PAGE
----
Sunday, 29 November 2009
The Murphy Report
The newspapers, radio and television are once again sagging under the weight of a 'Priests are child abusers' report. This one is the Murphy report and details how reports of child sexual abuse by priests in the Dublin diocese were covered up by the Catholic bishops and by the gardai of the day. No one in their right mind would want to see a child sexually abused (or anyone else for that matter), but there's something unedifying and undiscriminating about the way the media are handling the story.
A few questions that spring to mind:
1. What is the nature of paedophilia - is it a straight-forward crime or a condition? This is crucial, if we're to judge the legal or moral guilt of those who perpetrated these actions. If they freely chose to commit the crimes, they deserve to be punished, probably by imprisonment. If they suffer from a psychological condition, they're not free to choose and deserve not prison but hospitalization and treatment.
2. What is the nature of the evidence that made the people who wrote the Murphy report confident that things happened as those who brought charges claim? Is there material evidence? Is it the word of the accuser against that of the accused? An important distinction to draw, for just as the accused can be guilty of vile crimes, the accuser can be guilty of lying.
3. Why are people surprised that the Catholic hierarchy seem to have been engaged in cover-up? All institutions instinctively do this when attacked - universities, schools, broadcasting corporations, local communities. It doesn't make it right but it does make it common.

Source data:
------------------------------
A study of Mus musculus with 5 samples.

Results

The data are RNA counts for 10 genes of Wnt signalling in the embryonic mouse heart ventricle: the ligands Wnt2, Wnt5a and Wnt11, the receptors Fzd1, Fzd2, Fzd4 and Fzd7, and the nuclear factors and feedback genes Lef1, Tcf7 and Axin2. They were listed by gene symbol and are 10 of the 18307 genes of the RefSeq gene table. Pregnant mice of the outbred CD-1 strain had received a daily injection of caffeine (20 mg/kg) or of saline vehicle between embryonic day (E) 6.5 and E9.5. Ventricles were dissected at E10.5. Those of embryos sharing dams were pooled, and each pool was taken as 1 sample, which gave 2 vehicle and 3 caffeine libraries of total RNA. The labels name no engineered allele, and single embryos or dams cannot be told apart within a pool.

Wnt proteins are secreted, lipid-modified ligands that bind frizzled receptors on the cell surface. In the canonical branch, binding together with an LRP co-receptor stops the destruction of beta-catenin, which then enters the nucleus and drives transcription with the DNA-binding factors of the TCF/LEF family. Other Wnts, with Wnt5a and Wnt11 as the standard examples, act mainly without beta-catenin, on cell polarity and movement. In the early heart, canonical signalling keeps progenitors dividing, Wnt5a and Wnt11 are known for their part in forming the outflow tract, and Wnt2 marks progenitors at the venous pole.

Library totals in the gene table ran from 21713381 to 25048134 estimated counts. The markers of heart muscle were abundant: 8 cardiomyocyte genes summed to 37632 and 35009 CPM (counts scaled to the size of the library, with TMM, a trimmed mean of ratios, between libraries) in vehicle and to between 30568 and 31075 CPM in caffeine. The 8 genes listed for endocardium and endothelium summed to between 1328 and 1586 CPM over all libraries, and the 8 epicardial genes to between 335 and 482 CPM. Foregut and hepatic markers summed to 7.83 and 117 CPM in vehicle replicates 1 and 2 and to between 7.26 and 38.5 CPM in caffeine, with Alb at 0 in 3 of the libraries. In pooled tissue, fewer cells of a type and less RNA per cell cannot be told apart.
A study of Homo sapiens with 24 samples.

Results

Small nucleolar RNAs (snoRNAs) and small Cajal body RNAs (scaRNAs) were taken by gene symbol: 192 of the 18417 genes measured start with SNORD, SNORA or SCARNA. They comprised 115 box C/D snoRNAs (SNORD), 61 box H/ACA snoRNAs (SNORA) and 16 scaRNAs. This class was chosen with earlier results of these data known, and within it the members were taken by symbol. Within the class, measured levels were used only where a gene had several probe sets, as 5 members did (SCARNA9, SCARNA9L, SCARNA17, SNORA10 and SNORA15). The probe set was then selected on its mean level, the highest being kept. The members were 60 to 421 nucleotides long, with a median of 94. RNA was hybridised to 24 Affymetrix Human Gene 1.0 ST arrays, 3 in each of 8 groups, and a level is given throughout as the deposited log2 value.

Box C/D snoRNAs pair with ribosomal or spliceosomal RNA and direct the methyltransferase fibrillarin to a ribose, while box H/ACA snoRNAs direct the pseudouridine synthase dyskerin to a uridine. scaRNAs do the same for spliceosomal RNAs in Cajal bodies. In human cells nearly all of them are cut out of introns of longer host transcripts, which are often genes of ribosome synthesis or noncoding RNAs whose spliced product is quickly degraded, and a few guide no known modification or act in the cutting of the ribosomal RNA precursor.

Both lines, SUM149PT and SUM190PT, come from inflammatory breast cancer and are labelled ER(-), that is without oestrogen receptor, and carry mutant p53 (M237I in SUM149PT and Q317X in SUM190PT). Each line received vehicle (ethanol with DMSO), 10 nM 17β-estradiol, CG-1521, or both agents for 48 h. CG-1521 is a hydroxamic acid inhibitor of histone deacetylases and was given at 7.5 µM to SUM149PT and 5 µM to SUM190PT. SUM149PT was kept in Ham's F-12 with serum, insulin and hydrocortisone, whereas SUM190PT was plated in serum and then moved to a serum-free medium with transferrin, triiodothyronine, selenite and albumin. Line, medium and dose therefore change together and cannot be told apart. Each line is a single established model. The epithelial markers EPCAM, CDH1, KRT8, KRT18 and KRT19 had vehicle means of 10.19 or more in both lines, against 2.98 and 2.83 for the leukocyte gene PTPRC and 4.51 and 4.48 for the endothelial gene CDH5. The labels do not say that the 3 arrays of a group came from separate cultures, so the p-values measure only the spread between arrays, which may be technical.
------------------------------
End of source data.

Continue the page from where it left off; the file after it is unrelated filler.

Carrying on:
4. Is it true that most instances of child abuse - over 90% - occur within the immediate family circle? If so, shouldn't abuse within the Catholic Church be set in that context? That is to say, that there are as likely to be abusers among the ranks of, say, journalists, as among Catholic priests?
5. What constitutes child sexual abuse? If an adult strokes a child's face or kisses them, is that abuse in the same way that forced sexual intercourse is abuse?
6. Child sexual abuse is particularly shocking in that it is the violation of an innocent, defenceless person. Are blanket attacks on Catholic priests, including the majority of priests who appear to lead selfless, dedicated lives, another instances of abuse of innocent, defenceless people?
The last time I raised questions like this I received abusive emails for not joining in the undiscriminating condemnation of the Catholic clergy. In other words, if you're not for us you're against us. Now when did I last hear that forced choice being voiced?